Thursday, January 11, 2007

Sophia's available: now get in line, all you guys of a certain age

Sophia Loren's husband Carlo Ponti has died at the age of 94 (hat tip: Pajamas Media).

Sophia made my list of ten all-time favorite movie stars back in May of 2005. She was (well, I suppose she still is, but I haven't seen a movie of hers in decades) that rarest of rara aves: a sex symbol, a comedienne, and a serious actress, all in roughly equal measure.

Apparently she's an intelligent and witty woman, as well. Her marriage to Ponti--one most people would not have bet on for longevity, back when she was 23 and he, at 45, had left his first wife and defied Italy's restrictive divorce laws to wed Loren in Mexico by proxy--withstood the test of time.

Ponti and Loren were one of those odd couples whose attraction to each other was somewhat opaque to outsiders (that is, of course, hers to him. His to her was plain enough). He must have been a charming and charismatic man, however, at the very least.

I especially liked the Loren-Mastroianni cinema combination. In "Yesterday, Today, and Tomorrow," as well as the wonderful-but-virtually-unobtainable-on-video "Marriage, Italian Style," she showed her comedic talents as well as her physical assets.

But it was her Oscar-winning performance in "Two Women" (produced by Ponti, as were so many of her films) that was a revelation. I saw it when I was very young--perhaps too young. But I couldn't help but be awed by the deeply emotional and yet utterly naturalistic performance of Loren as a mother trying (and failing) to protect her daughter from the chaos of war.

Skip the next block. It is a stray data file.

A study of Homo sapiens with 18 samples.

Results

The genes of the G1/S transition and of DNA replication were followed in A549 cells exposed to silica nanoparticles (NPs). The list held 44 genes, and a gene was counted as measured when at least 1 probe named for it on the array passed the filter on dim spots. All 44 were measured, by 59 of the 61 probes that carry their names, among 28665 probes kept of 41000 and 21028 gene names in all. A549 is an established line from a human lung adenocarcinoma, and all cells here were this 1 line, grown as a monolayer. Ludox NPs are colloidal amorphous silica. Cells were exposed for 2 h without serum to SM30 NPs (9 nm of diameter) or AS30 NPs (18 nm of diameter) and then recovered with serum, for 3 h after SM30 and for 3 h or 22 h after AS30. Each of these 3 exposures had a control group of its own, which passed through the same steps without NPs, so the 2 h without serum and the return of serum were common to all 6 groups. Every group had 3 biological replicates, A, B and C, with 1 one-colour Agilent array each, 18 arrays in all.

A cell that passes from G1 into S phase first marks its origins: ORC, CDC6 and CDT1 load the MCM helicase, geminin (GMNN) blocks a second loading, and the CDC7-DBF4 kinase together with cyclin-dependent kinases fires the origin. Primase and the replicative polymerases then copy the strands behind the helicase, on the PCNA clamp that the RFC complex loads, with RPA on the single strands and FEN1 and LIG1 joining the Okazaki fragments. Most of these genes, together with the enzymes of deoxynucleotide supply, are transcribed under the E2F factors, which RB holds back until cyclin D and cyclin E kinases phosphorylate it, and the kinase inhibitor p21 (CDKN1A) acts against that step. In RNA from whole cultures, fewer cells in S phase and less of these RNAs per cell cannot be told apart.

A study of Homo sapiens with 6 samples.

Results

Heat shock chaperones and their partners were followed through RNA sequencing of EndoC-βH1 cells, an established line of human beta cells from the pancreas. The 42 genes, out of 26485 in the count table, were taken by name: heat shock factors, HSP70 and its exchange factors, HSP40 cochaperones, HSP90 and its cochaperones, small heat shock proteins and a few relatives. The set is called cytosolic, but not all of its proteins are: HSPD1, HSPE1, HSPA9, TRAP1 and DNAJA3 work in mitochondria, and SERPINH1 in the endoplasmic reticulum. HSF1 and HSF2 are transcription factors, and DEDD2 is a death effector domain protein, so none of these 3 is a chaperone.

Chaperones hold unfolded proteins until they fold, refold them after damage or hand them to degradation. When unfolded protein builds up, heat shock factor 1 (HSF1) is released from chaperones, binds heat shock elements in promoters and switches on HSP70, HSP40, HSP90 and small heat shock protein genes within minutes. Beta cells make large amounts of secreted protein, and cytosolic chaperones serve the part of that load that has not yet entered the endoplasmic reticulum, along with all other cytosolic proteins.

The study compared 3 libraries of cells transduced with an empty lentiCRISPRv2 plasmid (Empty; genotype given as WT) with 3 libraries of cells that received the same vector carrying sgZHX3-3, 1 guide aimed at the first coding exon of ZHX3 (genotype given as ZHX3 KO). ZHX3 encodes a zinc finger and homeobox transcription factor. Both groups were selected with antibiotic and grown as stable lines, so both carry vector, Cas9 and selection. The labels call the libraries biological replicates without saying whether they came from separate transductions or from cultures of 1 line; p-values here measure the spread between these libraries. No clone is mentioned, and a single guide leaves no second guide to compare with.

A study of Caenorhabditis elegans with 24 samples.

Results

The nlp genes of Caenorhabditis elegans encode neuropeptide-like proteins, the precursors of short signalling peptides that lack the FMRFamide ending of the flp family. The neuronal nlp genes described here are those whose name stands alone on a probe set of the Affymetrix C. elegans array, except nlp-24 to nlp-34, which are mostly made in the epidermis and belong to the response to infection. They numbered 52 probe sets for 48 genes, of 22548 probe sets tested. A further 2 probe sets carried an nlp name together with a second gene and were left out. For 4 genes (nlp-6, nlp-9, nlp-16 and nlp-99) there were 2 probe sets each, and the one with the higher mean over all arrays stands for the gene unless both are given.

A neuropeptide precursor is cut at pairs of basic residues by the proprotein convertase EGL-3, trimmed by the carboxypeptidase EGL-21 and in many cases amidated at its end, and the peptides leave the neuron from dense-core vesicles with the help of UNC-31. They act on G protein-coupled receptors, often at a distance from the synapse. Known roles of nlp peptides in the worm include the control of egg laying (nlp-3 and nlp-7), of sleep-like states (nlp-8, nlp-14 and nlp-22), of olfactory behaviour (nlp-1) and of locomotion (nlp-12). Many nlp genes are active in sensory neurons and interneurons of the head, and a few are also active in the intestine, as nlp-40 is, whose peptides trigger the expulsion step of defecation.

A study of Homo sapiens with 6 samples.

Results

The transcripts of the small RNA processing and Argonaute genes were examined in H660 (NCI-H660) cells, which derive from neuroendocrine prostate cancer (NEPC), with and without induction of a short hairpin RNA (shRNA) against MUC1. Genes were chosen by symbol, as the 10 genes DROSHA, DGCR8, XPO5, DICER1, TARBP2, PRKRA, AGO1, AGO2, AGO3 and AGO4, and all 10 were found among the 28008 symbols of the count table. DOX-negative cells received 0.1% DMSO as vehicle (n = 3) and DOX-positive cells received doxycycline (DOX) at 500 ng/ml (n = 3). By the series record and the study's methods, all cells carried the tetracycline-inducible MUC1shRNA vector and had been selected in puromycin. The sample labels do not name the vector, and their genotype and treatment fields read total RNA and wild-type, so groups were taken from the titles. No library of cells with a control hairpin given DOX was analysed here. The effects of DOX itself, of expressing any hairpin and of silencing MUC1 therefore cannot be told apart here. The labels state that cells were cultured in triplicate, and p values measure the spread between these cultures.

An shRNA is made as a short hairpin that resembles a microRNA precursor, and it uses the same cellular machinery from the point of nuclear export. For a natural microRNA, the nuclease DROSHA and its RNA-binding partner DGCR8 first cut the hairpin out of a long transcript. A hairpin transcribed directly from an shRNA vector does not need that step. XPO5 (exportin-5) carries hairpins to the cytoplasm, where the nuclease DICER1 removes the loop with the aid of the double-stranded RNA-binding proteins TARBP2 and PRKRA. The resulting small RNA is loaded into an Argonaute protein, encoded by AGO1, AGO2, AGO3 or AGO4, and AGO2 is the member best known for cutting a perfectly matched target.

At any rate, the statuesque Loren and the diminutive Ponti had been married for nearly fifty years when he died, a record unusual for anyone these days, and almost unheard of for a star. One thing is certain: Loren's loyalty to Ponti wasn't for lack of opportunity: Cary Grant fell head over heels in love with her, to name just one of many.

But I think this sums it up best, found at Loren's Wikipedia biography:

The Archbishop of Genoa once said that although the Vatican opposed human cloning, "an exception might be made in the case of Sophia Loren."

[ADDENDUM: By the way, when I was looking up Mastroianni I discovered in the Wiki article that he himself was married close to fifty years, to one women. However, in classic marriage, Italian-style, he had a longtime mistress, with whom he had a child. The name of said mistress? Catherine Deneuve. Poor guy.]